Gadgets stands are usually begrudging buys: If your gadget needs a stand, it probably should've come with one; if it could just sorta use one, it's hard to justify the cost. The solution? Make your own damn stand, for nothing.
Gadgets stands, from iPods and ebook readers to HDTVs and laptops, are some of the most accessible DIY projects out there—no circuit diagrams, static bracelets or soldering irons here, just cheap, useful, approachable projects. Here are a few of the best.
The cardboard box: Download the instructions, print them out, cut up a box, and slide it together. Hey presto! Laptop home theater. Bonus feature: it's recyclable.
Why you want one: It's easier on your wrists, keeps your notebook cool (especially low-to-the-ground models, like MacBooks), and can give you some space to stow accessories. Taller units make watching TV less painful.
The ring binder: Accomplish all of the above goals with your kid's leftover school supplies, or a $5 trip to Officemax. Poke holes for ventilation, thread various wires to make it more like a full-service laptop dock, and slide peripherals underneath for maximum convenience. Bonus feature: plenty of available ring sizes, binder-stuffing adjusts your viewing angle.
The coat hanger: Like the cardboard box, except with industrial-chic styling, and some semblance of adjustability. It looks a little precarious, but hanger devotees assure us: it's sturdy(ish). Bonus feature: the higher elevation matches well with external monitors.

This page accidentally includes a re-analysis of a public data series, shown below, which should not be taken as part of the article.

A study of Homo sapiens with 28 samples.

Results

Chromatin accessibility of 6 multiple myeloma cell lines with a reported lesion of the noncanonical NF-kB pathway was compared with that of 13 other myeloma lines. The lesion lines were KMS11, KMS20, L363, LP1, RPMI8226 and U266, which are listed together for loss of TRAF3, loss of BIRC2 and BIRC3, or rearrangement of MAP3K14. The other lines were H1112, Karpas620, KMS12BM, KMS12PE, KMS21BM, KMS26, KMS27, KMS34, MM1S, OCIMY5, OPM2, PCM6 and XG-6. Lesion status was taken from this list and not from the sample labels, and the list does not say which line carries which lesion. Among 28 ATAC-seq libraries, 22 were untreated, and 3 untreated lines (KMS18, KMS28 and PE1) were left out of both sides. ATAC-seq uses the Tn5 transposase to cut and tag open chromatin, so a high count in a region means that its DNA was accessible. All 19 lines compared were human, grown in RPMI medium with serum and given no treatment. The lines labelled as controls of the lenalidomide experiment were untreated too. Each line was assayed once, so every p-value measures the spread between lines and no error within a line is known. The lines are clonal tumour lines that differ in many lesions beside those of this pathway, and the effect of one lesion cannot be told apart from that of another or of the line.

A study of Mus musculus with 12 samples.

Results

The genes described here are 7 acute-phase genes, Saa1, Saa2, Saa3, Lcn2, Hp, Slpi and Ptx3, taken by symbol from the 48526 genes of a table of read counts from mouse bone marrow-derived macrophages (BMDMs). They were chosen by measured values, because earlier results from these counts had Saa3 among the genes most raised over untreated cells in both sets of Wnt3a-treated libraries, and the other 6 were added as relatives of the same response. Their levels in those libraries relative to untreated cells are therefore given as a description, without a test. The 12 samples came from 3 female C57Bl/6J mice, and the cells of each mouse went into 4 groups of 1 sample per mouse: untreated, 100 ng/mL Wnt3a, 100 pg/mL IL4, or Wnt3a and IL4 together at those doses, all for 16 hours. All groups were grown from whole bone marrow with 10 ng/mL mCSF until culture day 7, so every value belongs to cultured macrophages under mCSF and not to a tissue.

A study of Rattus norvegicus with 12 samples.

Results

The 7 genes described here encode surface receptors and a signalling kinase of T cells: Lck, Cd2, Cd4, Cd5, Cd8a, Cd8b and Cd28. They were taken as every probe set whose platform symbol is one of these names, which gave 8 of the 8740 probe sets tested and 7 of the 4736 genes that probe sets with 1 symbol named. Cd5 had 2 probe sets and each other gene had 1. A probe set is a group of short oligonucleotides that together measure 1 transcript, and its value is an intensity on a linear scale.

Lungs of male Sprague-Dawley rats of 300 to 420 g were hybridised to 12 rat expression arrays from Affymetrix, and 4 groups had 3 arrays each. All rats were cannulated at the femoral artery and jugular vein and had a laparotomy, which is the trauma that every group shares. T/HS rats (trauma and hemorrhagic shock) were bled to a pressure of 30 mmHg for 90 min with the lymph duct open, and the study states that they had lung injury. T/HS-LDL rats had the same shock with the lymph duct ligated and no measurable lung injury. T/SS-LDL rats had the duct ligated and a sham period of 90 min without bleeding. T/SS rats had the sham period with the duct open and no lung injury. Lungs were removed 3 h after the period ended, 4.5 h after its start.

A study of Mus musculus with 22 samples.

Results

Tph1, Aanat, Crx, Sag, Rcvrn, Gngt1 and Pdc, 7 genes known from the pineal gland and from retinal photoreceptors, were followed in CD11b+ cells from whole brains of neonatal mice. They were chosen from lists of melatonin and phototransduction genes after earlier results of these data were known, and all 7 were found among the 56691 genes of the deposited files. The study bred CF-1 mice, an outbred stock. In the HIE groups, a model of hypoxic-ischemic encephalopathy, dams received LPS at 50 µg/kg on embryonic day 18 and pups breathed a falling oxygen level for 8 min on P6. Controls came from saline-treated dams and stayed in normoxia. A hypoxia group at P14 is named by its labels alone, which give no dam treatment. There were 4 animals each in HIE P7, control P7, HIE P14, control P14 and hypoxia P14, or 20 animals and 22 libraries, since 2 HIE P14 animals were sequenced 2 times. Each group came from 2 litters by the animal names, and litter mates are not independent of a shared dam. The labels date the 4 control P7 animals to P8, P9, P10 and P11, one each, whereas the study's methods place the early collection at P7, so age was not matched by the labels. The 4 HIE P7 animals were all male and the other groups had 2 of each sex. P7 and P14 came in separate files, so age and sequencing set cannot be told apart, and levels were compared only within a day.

Why you want one: Aside from often doubling as a charging dock, iPod stands make the hunched-over, arms-out process of video-viewing a little more bearable. With a good Twitter app, news aggregator or music streaming service, or just the native media interface, it can also let you use an iPod Touch or iPhone as a quasi secondary display.
The binder clip: Devised for older iPods, the binder clip is timeless, unless Apple someday moves away from the dock connector. Bonus feature: if you feel this is too simple, you can make a much more complicated one out of, like, 20 clips.
The paperclip: Just as simple as the binder clip, but in landscape. Plus, you might not have binder clips laying around; you do have paperclips. Bonus feature: crudely adjustable.
The business card: You just need a spare business card, a pen, a ruler and the ability to fold paper for this one. Bonus feature: It's utterly disposable.
Why you want one: For reading?
The Bookend: Book accessories past a future, living together in peace. This hardly qualifies as DIY, actually, since you're just bending a metal bookend a little bit. Bonus feature: it's probably tougher than your Kindle.
Why you want one: Because a having TV stand or mount is a given, and they universally cost too much.
The Easel: It should go without saying: get a strong easel for this one, not some flimsy elementary school toss-out. But it's clever, for smaller sets, and adjustable. Craigslist is your friend on this one.
The Diner Table: A little more involved than the easel hack, but much more gratifying. Discarded restaurant tables+crappy old desks and/or coffee tables=a fun afternoon of beginner-level woodworking and a place for your HDTV to live, in (some kind of) style. Bonus feature: may smell like bacon, or cigarette smoke.